Among his friends and foes alike, Yemen's strongman President Ali Abdullah Saleh is best known for the ability to manoeuvre his way out of trouble.
For 32 years, he has stayed on top of Yemen's unforgiving political game, often by buying off tribal leaders or playing them against each other.
His presidency has so far survived a secessionist movement in the south, rebels in the north and active al-Qaeda presence, but in the wake of demonstrations in Egypt and Tunisia, Mr Saleh faced an entirely new challenge - the anger of his own people.
"When Tunisia happened Saleh was annoyed. When Egypt happened, he was horrified," says Sanaa-based political commentator Abdul Ghani al-Iriyani.
As Yemenis prepared for their own "Day of Rage" on 3 February, Ali Abdullah Saleh went for a pre-emptive strike and offered the opposition a number of significant concessions.
He promised new economic incentives, a national dialogue, pledged that he would step down in 2013 and would not let his son inherit power.
The tactics worked. The demonstration, although the biggest in Yemen's recent history, was peaceful and brief.
The opposition called for radical reform instead of resignation and said they were willing to give the president his last chance to reform.
"So far everything that we've heard are just words, but we are waiting for action, we are waiting for him to deliver," says Yassine Naman, the leader of Yemen's opposition socialist party.
Mr Naman says this is the first time in decades that the country's fragmented opposition has gained an upper hand in dealing with the president. "He is the weakest he's been in a long time," he said.
But Ali Abdullah Saleh still has plenty of weapons in his arsenal.
"Constitutional reform, electoral reform, real dialogue with the opposition, redistribution of some of the wealth," lists Mr al-Iriyani. "There is a lot that President Saleh can give people and the opposition while still staying strong."
The problem is that the very nature of the political system that Ali Abdullah Saleh has created makes him an unlikely reformer.
Yemen's most effective political institution is a tribal network of patronage, in which tribal leaders and sheikhs offer the government loyalty in exchange for protection and, often, financial incentives.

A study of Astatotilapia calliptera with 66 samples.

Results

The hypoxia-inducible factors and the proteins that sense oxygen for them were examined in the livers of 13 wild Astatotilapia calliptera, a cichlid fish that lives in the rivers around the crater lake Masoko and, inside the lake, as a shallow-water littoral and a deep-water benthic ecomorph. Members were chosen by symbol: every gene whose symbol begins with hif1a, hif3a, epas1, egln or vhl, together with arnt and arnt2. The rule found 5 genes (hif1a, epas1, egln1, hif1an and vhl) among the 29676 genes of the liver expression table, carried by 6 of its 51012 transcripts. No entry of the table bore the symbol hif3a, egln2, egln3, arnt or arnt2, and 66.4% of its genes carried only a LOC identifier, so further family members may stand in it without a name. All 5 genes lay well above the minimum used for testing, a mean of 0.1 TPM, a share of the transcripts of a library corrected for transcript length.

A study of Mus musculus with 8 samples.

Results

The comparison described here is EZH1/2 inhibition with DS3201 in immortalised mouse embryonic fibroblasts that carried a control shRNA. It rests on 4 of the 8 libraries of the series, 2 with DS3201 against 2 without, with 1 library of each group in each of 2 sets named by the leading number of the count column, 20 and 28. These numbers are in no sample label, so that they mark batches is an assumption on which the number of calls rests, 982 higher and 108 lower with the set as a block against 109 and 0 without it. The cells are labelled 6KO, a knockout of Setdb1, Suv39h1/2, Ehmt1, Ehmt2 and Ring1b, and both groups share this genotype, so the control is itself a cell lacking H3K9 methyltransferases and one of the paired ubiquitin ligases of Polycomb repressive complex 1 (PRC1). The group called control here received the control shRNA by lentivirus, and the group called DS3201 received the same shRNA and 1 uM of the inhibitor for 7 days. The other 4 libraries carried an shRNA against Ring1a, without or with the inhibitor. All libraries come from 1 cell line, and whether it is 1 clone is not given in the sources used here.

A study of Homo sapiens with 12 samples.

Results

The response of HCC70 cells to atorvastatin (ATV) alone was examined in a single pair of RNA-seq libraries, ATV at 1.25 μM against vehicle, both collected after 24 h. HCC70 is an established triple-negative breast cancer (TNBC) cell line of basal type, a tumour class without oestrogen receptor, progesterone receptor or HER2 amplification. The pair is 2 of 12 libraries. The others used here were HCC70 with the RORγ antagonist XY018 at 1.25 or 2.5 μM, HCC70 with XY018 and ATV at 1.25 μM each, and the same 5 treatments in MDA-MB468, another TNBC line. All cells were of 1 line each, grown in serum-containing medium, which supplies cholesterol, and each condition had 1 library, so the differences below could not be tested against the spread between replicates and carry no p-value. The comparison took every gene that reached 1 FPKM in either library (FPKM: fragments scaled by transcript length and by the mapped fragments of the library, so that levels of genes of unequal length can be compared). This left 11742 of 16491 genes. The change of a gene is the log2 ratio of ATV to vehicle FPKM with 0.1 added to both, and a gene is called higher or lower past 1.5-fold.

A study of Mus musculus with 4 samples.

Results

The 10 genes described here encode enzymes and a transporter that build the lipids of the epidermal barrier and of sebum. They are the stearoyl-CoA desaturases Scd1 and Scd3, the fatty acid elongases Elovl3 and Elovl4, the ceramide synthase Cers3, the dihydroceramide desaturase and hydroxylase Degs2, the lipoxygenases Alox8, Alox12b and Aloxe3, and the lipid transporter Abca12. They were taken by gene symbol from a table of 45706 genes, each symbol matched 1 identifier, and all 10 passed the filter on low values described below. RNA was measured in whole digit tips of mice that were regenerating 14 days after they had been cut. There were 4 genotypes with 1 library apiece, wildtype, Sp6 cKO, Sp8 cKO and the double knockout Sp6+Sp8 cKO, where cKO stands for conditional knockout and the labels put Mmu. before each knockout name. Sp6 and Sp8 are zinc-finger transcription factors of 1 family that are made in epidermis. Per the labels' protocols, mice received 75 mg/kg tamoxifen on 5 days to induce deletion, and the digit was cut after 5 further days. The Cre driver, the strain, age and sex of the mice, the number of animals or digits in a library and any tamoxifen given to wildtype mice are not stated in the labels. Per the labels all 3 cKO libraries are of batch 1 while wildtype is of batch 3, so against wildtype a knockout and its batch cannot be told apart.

Even some of the opposition leaders are part of this system. The system gives the president some room for manoeuvre in the short term, but makes him vulnerable in the long run.
In order for Mr Saleh to deliver real economic change and ease people's lives, he would have to take from the elite, but this could cause the entire system to collapse.
"Saleh's presidency is hanging off ropes - each rope is a military or a sheikh who is keeping him in power. If they start cutting the ropes, he will fall," says Mr al-Iriyani.
People's discontent in the meantime is on the rise. Half of Yemen's 23 million already live below the poverty line. Unemployment is at nearly 40%, the country is running out of oil and water and corruption is rampant.
Pushing hardest for change are the young, many of whom feel that they have no future in Yemen. But while the economic situation is worse here than it is in Egypt, it will be much more difficult for the young to bring their anger out into the streets.
Internet in Yemen is available to only about 200,000 users. And women, who constitute nearly half of the population, are unlikely to play a real role.
"I am fed up, there is nothing here apart from poverty and corruption," says Hala, a 23-year-old student I met in an internet cafe in Sanaa. But she is not about to take her anger to the streets. This isn't Egypt, she says, in Yemen, a woman's place is at home.
"Our tradition won't allow us to go out, but men have a lot of freedom here," she says.
For the first time in decades, some are putting this freedom to use.
"Remember Mr President, this country's isn't for you, it's not for your family, this country is ours. So get out, leave us alone," one student activist told me.
Without internet, without women, and with the political opposition fragmented and so far reluctant to back them, the odds of Yemeni students bringing real change are very small indeed. But, for the first time in decades, people are speaking out here.
"Egypt changed everything. People have woken up," says Abdul-Bari Taher, a well-known Yemeni writer and a journalist who spent much of his life in opposition to the president. "This is the beginning of the end of Saleh."
Mr Saleh may not be going anywhere yet, but he has already lost his once absolute monopoly on power.